What’s hoarding disorder?


Also known as compulsive hoarding, a hoarding disorder is an uncontrollable urge to pick up and save all kinds of items, even when there’s no apparent use to them. A disorder of this type can develop as a result of some sort of traumatic life event that mutates the desire to acquire objects that are useful into an obsession that blinds the individual to the harms caused by hoarding. Fortunately, such an ailment can be treated, allowing people suffering from the condition to enjoy life once again.

It’s important to note that people who store items for future use don’t necessarily have hoarding disorder. Typically, saving items for a specific purpose that is expected to occur within a reasonable amount of time is not considered a sign of any type of emotional or compulsive behavior. For example, someone buying extra linens or appliances in preparation for moving a child and starting their own family in the next year or two would be considered a saver, but not a hoarder.

Conversely, a hoarding disorder is characterized by a relentless belief that it is wrong to throw anything away and that everything can be used sooner or later. Sometimes, hoarders may focus on a particular type of item, such as boxes. More often than not, a hoarder will buy a wide range of items with the justification that the price was good and that the items will be used someday. The problem is that when hoarding takes up all the available space inside the house, it is impossible to find those items should the need arise.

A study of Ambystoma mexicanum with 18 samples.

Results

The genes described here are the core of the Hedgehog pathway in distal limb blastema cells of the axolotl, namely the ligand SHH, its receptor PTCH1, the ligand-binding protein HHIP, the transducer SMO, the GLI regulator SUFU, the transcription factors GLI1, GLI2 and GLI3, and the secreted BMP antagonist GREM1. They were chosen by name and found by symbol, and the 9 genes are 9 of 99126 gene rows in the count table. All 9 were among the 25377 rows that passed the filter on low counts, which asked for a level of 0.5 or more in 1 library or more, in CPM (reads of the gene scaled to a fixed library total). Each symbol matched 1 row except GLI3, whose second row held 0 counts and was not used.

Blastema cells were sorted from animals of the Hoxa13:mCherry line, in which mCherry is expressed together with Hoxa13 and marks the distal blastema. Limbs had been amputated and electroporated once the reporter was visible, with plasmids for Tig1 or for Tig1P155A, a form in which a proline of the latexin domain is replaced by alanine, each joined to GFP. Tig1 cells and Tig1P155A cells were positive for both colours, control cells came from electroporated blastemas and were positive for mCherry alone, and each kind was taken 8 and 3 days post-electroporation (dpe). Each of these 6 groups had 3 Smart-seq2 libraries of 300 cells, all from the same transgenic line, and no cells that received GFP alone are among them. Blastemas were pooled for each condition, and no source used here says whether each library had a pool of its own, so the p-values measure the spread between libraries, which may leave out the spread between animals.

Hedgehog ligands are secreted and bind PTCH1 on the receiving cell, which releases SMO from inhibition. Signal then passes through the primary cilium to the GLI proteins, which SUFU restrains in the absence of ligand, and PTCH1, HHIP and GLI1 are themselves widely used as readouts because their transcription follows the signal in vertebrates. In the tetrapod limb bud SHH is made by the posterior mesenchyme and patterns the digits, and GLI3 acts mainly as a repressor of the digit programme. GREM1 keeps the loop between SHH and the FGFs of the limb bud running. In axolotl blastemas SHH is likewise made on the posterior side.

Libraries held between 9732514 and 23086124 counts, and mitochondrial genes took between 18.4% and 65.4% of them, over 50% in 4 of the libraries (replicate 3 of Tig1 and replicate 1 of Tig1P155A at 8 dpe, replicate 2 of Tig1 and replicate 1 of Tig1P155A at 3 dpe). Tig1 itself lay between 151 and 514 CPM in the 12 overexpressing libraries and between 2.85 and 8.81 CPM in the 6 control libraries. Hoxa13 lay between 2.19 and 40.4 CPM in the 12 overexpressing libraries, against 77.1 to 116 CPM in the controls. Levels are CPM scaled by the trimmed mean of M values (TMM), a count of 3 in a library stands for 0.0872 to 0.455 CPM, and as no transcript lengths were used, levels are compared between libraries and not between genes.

People who develop hoarding disorder often have experienced some sort of traumatic event in their life. For some, the disorder is triggered by poverty, either as a child or at some point during adulthood, and is grounded in a fear of impoverishment again. Others develop hoarding disorder after going through a divorce, the death of a loved one, or some other event that leaves an emotional void in their lives. The obsessive gathering of all kinds of tangible possessions often brings momentary comfort, but eventually begins to limit social interaction as hoarders refrain from having friends and relatives in the house, simply because every available space is taken up with useless items.

To treat a hoarding disorder, therapy that helps identify the root cause of the activity is essential. Only when the hoarder begins to understand the underlying motivation is it generally advisable to start attempting to clear the house of clutter and rubbish. Even then, the process is usually managed in stages or segments, allowing the hoarder to grieve the loss of possessions even as they regain a sense of control over their homes and lives. The length of treatment varies according to the severity of the disorder, taking anywhere from a few months to a few years to completely overcome the hoarding compulsion.